For all those Europeans disappointed so far with the Obama administration’s efforts to fight climate change, Congressman Ed Markey suggested that they remember the White House’s previous occupant: George W. Bush.
“Remember, Europe didn’t have President Bush in office for eight years,” said Mr Markey, the Democratic co-author of the cap-and-trade bill passed by the US House of Representatives in June.
“We’re trying to make up for lost ground. We’re trying to move as quickly as possible,” he added.
Mr Markey was speaking by video link to a group of European journalists a week after President Obama’s climate change speech at the United Nations fell decidedly short of European expectations.
For many on this side of the Atlantic, the address – far from raising their hopes about the chances of success at Copenhagen – contributed to the sense of a growing rift between erstwhile allies in the fight against global warming.
They have come to regard the White House’s all-consuming drive for healthcare reform with a particular sense of dread, fearful that it will crowd out any efforts to get a cap-and-trade bill out of the Senate before Copenhagen.
Mr Markey admitted that healthcare was “occupying a lot of political space” in the US at the moment. But he assured that cap-and-trade would be Mr Obama’s next priority.
“Upon the successful completion of the healthcare bill, the President will turn and give the same attention to this climate bill,” he said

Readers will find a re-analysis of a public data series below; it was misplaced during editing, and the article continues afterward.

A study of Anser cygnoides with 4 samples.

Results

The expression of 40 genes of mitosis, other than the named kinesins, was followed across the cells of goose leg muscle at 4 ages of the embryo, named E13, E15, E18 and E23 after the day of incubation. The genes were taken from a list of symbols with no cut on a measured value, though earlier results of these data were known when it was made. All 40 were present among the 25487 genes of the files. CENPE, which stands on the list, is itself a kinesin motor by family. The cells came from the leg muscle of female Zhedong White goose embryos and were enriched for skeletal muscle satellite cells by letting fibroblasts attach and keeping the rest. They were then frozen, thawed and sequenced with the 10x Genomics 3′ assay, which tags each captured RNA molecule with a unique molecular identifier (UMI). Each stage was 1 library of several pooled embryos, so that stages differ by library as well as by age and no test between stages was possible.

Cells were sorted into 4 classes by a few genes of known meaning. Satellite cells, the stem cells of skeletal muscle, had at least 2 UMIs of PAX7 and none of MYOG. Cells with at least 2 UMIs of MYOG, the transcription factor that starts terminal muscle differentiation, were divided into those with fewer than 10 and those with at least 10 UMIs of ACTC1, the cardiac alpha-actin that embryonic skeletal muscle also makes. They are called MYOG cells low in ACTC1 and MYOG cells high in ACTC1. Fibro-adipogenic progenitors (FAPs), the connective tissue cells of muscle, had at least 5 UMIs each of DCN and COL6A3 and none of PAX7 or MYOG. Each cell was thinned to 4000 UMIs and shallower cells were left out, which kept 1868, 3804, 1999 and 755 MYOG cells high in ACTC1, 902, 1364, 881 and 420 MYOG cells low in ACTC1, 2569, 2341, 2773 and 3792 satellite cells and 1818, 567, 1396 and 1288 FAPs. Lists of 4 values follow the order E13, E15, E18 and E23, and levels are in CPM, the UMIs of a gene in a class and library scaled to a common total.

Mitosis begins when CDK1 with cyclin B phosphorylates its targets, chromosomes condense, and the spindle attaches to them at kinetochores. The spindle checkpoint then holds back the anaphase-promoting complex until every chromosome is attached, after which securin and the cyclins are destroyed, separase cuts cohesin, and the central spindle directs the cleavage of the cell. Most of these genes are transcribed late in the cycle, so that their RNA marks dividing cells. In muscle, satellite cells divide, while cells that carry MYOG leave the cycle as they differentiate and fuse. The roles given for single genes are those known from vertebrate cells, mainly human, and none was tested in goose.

He also argued that Senators could do the legislative equivalent of walking and chewing gum at the same time by working on both bills simultaneously. In fact, having a group of lawmakers involved in both bills could actually be a benefit, he suggested, since any trust built up in healthcare negotiations could carry over to climate talks.
Then there was the unexpected success of his own bill, which was passed by Congress in late June, to quiet the pessimists: “No experts believed it was possible, but it happened,” he said.
European policymakers are struggling in the dark over how to confront the Obama administration over climate policy. In spite of their growing disappointment, the fear is that any public comments might only provoke a backlash in the US, making the president’s task of building public support that much more difficult.
At the end of the day, there is an acknowledgement that Mr Obama’s recognition of global warming and the policies he has so far put in place represent “a sea-change” from the Bush years, as Stavros Dimas, the environment commissioner, has put it.
Mr Markey seemed well aware of that when he conjured the ghosts of Bush and Cheney. “We are behind Europe. We did not do anything for the last eight years,” he said. “Europe acted. Europe moved. The Bush administration didn’t do anything.”